How To Jump Your Horse

Jumping is one of the many exercises that riders demonstrate on horseback. Jumping competitions take a variety of aspects into account in judging the skill of both the horse and the rider when jumping. While most horses naturally complete small jumps, a horse must be trained to carry out specific motions when jumping with a mounted rider on its back. Learning the proper techniques for how to jump your horse is a very enjoyable and rewarding experience. However, minor mistakes in form can lead to injury to both you and your horse. Therefore, jumping your horse should be something that both you and the horse take the patience to learn properly.

The first step in jumping a horse is to choose an appropriate horse. Some horses are more natural at jumping than others. Typically, horses with more height are better jumpers. If training a new horse, always ensure that the horse you are attempting to jump is well broke to ride. Never choose to jump your horse if it does not willingly carry a mounted rider. If you are learning to jump a horse, use an experienced jumper for rider training.

  1. During the first stage, begin slow and low. The horse will walk over the cavalettis that are placed on the ground. Continue with the horse stepping over the boards until it walks and steps with ease.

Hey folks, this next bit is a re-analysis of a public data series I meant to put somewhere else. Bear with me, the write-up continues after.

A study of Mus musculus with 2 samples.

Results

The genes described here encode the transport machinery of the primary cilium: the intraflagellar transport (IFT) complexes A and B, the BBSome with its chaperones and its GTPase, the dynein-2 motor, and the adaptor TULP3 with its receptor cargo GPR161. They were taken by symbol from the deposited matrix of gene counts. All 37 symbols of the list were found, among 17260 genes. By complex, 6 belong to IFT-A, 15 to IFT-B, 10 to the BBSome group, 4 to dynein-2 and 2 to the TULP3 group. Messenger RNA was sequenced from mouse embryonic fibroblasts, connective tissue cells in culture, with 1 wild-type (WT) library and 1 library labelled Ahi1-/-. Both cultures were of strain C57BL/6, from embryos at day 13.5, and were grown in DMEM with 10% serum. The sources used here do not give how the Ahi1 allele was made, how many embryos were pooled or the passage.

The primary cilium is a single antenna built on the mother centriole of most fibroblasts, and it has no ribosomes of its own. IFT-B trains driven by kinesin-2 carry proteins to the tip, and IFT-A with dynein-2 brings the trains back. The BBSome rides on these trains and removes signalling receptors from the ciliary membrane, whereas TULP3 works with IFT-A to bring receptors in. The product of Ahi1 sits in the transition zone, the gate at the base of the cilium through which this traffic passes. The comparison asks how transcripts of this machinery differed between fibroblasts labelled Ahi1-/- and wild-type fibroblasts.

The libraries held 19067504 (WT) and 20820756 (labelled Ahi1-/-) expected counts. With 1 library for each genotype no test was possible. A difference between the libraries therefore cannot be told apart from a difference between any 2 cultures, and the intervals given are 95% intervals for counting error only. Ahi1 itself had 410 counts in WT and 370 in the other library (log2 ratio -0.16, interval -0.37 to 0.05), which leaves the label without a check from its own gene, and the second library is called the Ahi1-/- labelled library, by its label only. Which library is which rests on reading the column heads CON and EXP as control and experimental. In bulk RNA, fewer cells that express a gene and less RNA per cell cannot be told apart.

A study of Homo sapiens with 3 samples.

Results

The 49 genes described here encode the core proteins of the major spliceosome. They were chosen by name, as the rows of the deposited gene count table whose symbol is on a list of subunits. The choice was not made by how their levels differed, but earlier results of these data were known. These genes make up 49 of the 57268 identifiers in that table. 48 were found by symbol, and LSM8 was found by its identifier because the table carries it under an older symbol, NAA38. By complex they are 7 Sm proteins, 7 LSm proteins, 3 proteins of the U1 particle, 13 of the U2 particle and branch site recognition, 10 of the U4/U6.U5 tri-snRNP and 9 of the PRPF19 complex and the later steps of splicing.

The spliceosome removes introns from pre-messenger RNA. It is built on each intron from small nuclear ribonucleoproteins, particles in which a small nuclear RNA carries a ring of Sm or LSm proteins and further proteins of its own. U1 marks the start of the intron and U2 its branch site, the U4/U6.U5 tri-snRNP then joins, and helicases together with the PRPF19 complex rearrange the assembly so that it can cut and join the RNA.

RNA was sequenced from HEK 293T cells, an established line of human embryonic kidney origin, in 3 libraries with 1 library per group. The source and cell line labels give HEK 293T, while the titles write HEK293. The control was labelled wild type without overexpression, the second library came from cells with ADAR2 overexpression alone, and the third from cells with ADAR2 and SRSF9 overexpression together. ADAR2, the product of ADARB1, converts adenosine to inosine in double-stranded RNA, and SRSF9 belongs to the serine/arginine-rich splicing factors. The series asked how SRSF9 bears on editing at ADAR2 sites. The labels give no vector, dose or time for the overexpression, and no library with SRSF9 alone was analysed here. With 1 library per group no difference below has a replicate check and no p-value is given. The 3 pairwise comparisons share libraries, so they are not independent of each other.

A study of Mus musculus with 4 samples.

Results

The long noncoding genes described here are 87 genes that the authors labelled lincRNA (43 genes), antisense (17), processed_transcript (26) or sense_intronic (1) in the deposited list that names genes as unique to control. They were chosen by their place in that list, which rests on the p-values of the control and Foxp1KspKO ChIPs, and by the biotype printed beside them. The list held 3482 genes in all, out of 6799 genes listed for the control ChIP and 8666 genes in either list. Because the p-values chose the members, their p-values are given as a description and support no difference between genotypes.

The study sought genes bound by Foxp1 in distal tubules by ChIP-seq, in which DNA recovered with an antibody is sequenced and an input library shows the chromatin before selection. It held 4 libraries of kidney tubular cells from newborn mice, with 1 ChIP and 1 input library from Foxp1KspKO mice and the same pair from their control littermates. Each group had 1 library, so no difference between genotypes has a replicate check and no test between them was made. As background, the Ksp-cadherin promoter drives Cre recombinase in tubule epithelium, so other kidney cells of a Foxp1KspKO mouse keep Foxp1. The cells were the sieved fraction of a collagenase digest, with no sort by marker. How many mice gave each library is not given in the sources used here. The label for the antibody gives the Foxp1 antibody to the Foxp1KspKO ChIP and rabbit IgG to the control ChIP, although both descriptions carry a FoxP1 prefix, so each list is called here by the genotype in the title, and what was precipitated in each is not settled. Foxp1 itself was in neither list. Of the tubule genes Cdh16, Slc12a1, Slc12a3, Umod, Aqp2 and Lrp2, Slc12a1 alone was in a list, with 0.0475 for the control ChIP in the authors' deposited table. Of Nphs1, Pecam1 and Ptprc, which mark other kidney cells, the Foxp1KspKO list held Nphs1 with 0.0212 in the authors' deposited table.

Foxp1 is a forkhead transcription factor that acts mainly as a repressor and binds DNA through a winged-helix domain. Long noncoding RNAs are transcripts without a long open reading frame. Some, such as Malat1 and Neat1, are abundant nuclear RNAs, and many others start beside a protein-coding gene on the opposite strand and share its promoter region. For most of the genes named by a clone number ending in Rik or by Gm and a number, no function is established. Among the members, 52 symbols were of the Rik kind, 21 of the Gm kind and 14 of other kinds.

2. Begin to move the horse faster over the cavalettis. However, the cavalettis should remain flat on the ground. The horse should trot and even canter over the boards without losing balance before the cavalettis are moved to a higher level.
  3. Once your horse successfully canters over the cavalettis, it is time to move them up to a higher level. Begin with the boards around six inches from the ground. At this height, the horse should once again go through the speeds of walking, trotting and cantering.
  4. It is now time to move the cavalettis up to around double the height, twelve inches from the ground. The process of walking, trotting, and cantering at this height should be carried out successfully before attempting to actually jump your horse.
  5. When the horse is ready, begin cantering your horse up to a low jump. When the horse jumps, lean up from the saddle and give the horse a loose rein. Many riders hold on to the horse's mane at this point.

Once the horse masters jumps at a low level, attempt jumps at higher levels.